Naturally Conan hasn't put as much thought into this, being a straight-forward man of simple tastes. He is as content as any man of action may be when he's offered regular combat, decent food and drink, good friends and a girlfriend who spends much of her time lounging on her throne wearing nothing but jewelery and a sultry smile. Naturally this state of affairs won't last and a chance encounter with an abandoned ship and a sickly prisoner promises horrors aplenty next month.
One might accuse Brian Wood of feminizing Robert Howard's famous pirate queen a bit much with her mooning in this issue. Yet this faucet of Belit's personality does not seem untrue, considering Howard wrote her as similarly thoughtful and brooding in Queen of the Black Coast, as she pondered the nature of the gods and asked Conan for his thoughts. And while Belit may voice concerns about herself and Conan to her shaman, she is no shrinking violet and is quick to call Conan out on his behavior and equally quick to action when needed.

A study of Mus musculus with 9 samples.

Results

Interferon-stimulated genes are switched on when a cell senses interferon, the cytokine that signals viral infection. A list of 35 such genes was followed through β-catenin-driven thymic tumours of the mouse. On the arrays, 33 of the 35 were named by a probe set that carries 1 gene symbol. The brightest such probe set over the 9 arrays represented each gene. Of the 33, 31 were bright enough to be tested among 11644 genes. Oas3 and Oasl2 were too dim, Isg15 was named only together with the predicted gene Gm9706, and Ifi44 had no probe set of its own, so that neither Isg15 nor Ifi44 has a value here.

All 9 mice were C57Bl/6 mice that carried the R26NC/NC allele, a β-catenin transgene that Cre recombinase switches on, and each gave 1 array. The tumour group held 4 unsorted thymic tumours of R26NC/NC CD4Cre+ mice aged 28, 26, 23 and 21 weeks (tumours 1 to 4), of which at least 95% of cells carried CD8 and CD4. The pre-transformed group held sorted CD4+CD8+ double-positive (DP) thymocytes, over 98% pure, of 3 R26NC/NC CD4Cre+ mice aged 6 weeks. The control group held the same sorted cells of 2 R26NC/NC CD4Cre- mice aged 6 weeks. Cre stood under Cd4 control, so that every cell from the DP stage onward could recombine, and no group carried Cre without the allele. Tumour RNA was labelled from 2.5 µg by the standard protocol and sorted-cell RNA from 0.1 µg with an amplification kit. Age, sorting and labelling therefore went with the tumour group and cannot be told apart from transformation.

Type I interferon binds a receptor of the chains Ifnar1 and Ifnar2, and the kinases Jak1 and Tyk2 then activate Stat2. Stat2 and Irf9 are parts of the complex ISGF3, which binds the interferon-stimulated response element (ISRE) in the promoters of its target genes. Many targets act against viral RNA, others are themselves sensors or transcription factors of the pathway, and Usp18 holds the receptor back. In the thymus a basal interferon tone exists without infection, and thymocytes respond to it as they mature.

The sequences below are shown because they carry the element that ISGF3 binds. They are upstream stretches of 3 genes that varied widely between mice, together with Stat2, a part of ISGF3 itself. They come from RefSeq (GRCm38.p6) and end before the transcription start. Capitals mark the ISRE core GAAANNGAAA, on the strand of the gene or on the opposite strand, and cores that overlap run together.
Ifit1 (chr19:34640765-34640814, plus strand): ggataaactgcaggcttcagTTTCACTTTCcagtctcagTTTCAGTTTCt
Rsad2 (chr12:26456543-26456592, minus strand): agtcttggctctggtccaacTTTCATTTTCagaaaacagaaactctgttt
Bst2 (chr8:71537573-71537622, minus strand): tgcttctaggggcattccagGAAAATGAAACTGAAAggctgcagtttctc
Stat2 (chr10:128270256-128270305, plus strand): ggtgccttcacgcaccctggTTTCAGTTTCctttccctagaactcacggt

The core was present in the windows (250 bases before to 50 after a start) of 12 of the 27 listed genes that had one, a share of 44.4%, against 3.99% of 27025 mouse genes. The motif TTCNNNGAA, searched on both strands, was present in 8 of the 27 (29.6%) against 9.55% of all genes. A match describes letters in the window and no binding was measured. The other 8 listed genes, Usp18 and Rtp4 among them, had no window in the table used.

The artwork by Declan Shalvey is a step-up from the artwork seen in previous months, no less stylized but far less cartoonish and exaggerated. Conan is once again lean and wolvish, as Howard described him. Belit is a pale beauty, no longer white as a drowned corpse. Skillful shadowing captures the somber mood evoked by Wood's script perfectly.
If you had told me a week ago that I'd ever have nice things to say about a Conan The Barbarian comic with more scenes of Conan and Belit talking about their relationship than scenes of our favorite Hyborian heroes kicking ass and taking names, I'd be forced to call you a liar. And yet - here it is - a Conan comic that is virtually all set-up and no action. And I enjoyed it, as I suspect you might too if you are a fan of low fantasy and high adventure.